The action “to prevent mass atrocities” in Syria’s Idlib is an urgent matter as the situation is “reaching crisis point”, British parliament’s Foreign Relations Committee Chairman Tom Tugendhat said Monday.
Tugendhat said the U.K. government must do more to “protect civilians as part of its responsibility to protect”.
Tugendhat’s comments came with the release of the committee’s report “Global Britain: The Responsibility to Protect and Humanitarian Intervention”, which was published on Monday following its inquiry into the legal basis for military interventions under these concepts and their effectiveness in protecting civilians, with a focus on Syria. According to Anadolu Report
“The consequences of inaction can be devastating. The people of Syria show clearly that choosing not to act, standing aside, can have consequences every bit as real and horrific as the decision to act,” he said.
The report by the cross-party committee said a “proportionate and necessary force” should be used “to ease extreme human distress”, in conflicts where there is human suffering.
The report said, “the absence of humanitarian intervention as a final recourse can result in grave consequences for civilian populations.”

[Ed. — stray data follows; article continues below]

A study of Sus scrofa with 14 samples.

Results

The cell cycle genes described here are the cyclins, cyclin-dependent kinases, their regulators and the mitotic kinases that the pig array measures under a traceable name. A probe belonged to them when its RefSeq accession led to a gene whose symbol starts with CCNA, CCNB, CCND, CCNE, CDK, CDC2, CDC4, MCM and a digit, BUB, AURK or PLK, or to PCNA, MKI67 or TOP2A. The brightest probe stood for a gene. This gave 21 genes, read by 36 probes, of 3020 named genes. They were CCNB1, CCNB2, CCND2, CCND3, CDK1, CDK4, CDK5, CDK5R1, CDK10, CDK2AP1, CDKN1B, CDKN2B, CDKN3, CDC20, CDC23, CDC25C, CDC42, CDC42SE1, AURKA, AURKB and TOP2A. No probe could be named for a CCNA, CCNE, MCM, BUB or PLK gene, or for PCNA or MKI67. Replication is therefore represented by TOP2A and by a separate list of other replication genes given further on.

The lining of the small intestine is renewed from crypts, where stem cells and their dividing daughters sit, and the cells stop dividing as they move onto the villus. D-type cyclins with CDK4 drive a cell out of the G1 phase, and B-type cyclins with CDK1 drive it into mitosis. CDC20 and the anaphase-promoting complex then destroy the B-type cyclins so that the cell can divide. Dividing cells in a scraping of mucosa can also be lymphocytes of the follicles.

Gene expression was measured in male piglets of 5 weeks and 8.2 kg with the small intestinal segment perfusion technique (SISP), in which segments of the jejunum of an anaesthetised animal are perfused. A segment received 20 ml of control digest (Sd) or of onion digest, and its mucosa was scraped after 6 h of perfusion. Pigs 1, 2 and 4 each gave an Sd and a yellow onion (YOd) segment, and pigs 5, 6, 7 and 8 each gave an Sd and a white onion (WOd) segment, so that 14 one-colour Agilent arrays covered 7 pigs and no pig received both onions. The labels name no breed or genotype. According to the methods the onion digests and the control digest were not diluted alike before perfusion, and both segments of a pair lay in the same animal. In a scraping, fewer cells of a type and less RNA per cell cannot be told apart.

“During this inquiry, we heard from those who have the first-hand experience of what life is like in Syria now and the impact the conflict there has had on people,” Tugendhat said.
“The Government must do more to protect civilians as part of its responsibility to protect.
“With the situation in Idlib reaching crisis point, action to prevent mass atrocities is ever more urgent.”
The committee chairman said prevention is always better than a later response. “As the situation in Syria has shown us, waiting to respond can have devastating consequences,” he said.
Tugendhat said the atrocity prevention must be prioritized in political and diplomatic conversations.
“Now, more than ever, the Government needs to produce a comprehensive atrocity prevention strategy and implementation plan,” he urged.
“The cost of inaction has been unacceptably high,” he added.
The committee’s report said the U.K. “must bear its share of the responsibility” for the atrocity crimes committed in Syria and “check the repercussions of its decisions not to do more on its own or collectively”.
It also urged for an “independent inquiry” into the decision-making processes so lessons should be learned “to prevent similar humanitarian crises happening in the future and offer a more effective response”.